Next-Gen Testing for Aluminum Can Lids: Advanced EIS Techniques for Beverage Can Durability


Devdiscourse News DeskDevdiscourse News Desk | Updated: 31-05-2024 15:10 IST | Created: 31-05-2024 15:10 IST
Next-Gen Testing for Aluminum Can Lids: Advanced EIS Techniques for Beverage Can Durability

Overview of the Beverage Can Industry

The beverage can industry, valued at 40 million dollars annually, produces over 370 billion cans each year. The introduction of polymer coatings on the inner surface of aluminum cans has significantly mitigated corrosion issues, although not entirely eliminating them. These coatings prevent the metal from imparting a metallic taste to beverages and reducing the corrosiveness of liquids like sodas. Despite advancements, the can lid, more susceptible to corrosion due to its fabrication process, necessitates a thorough assessment of coating efficacy.

Limitations of Traditional Pack Tests

Traditional testing methods, such as the pack test, involve storing cans for several months before analysis, making the process lengthy and labor-intensive. These limitations drive the need for faster and more efficient testing methods. Electrochemical methods, particularly EIS, offer a promising alternative. EIS measures the impedance of the coating, providing insights into its degradation over time. However, previous studies have mostly tested cans without lids and under ambient conditions, which do not accurately reflect real-world scenarios.

To address this, the researchers developed a custom-designed chamber that replicates the conditions inside a beverage can, including carbonation levels and internal pressures. This setup allows for continuous EIS monitoring of can lids under both stressed and non-stressed conditions. The experiments used different polymer coatings, such as lacquers and laminates, and various commercial beverages to assess their impact on the coating's degradation.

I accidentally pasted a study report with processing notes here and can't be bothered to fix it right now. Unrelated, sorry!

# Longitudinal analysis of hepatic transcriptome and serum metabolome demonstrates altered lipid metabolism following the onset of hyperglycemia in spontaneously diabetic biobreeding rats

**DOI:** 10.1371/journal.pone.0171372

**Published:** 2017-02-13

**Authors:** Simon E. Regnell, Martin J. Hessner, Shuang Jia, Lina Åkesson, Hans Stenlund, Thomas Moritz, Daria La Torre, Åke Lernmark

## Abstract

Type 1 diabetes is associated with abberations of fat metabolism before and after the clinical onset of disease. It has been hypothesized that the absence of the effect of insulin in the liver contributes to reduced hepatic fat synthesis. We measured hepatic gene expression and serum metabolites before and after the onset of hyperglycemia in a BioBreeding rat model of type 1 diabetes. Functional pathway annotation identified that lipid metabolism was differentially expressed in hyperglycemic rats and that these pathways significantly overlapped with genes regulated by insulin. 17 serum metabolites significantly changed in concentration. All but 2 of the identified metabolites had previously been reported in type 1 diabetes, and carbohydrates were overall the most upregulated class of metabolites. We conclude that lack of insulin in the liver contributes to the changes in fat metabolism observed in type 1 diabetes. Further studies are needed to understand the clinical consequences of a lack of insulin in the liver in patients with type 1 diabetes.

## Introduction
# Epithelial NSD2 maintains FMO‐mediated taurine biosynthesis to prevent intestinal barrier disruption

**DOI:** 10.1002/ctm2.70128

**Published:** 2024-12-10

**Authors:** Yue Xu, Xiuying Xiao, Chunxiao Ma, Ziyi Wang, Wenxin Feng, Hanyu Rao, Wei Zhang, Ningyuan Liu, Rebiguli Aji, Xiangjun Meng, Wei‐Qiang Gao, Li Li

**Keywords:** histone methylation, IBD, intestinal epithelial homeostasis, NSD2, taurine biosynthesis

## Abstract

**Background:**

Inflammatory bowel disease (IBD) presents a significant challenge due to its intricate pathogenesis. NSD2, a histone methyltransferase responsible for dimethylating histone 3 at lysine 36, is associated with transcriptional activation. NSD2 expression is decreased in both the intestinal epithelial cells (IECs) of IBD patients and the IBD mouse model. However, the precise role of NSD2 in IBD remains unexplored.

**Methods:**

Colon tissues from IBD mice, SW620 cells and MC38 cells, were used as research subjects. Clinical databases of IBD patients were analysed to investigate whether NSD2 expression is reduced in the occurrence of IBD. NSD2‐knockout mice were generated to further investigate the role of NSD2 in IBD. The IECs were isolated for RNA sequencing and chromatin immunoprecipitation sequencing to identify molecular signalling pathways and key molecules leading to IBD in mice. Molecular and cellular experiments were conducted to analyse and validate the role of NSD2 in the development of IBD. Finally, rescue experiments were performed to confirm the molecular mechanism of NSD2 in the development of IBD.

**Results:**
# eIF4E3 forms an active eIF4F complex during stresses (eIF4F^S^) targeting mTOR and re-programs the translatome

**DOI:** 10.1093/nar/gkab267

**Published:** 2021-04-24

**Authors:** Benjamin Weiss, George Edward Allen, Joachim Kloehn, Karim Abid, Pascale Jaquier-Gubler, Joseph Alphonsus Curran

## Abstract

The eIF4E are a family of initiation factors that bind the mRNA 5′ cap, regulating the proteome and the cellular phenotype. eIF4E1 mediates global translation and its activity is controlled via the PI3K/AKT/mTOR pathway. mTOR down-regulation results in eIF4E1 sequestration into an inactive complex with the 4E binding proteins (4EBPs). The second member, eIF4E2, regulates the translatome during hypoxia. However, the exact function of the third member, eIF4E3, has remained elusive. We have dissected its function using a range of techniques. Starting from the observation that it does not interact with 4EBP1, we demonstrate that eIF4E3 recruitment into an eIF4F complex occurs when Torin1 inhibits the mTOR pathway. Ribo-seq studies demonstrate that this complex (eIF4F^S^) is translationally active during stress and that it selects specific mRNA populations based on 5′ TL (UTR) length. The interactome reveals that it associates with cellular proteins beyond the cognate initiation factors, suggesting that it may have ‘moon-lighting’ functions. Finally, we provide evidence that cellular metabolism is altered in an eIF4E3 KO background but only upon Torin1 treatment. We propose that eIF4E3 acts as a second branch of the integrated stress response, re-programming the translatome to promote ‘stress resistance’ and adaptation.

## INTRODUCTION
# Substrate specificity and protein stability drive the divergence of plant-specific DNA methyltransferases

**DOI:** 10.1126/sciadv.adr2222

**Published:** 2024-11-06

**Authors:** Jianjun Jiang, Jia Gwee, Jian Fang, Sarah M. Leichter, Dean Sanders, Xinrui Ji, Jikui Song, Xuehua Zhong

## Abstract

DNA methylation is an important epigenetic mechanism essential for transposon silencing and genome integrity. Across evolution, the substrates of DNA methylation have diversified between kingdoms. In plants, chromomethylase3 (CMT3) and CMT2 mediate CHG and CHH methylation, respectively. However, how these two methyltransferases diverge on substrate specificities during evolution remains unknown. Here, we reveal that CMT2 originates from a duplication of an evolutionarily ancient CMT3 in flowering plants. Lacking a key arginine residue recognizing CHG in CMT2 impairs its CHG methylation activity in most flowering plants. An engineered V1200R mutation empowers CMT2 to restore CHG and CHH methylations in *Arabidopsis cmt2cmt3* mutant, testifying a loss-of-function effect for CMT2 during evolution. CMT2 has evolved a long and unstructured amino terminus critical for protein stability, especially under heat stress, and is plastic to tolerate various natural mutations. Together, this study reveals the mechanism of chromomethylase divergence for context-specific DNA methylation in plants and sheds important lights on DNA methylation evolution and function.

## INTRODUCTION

Efficiency of the New Testing Method

The study found that laminate coatings generally exhibited superior performance compared to lacquer coatings. Notably, sugary beverages seemed to contribute less to coating degradation, possibly due to a protective mechanism offered by the sugar content. The research demonstrated that this new testing method could effectively simulate multi-month pack tests in a significantly shorter time frame, providing quicker and more insightful assessments of can lid coatings.

The experimental setup involved testing up to 12 lids simultaneously in chambers that maintained specific temperatures and pressures. The EIS measurements tracked key parameters such as pore resistance, charge transfer resistance, coating capacitance, and double layer capacitance. These parameters provided a comprehensive view of the coating's integrity and its interaction with the beverage.

Enhanced Protection by Laminate Coatings

The results indicated that the degradation of coatings occurred primarily within the first 10-20 days, after which the rate of degradation slowed down. Elevated temperatures accelerated the degradation process, highlighting the importance of temperature control in these assessments. The study also compared the performance of different coatings and found that laminate coatings showed lower degradation, validating their superior protective properties.

Additionally, the research explored the impact of different beverages on coating performance. It was observed that sugary beverages resulted in higher pore and charge transfer resistance compared to diet-carbonated beverages, suggesting a potential protective effect of sugar. These findings underscore the importance of considering beverage composition in the assessment of can lid coatings.

Overall, this study presents a significant advancement in the assessment of aluminum beverage can lid coatings. By incorporating real-world conditions and using advanced electrochemical methods, the researchers have developed a robust and efficient testing platform. This method not only provides faster results but also offers valuable insights into the performance of different coatings and their interaction with various beverages. The potential for this method to replace traditional pack tests could lead to improved quality and longevity of aluminum beverage cans, benefiting both manufacturers and consumers.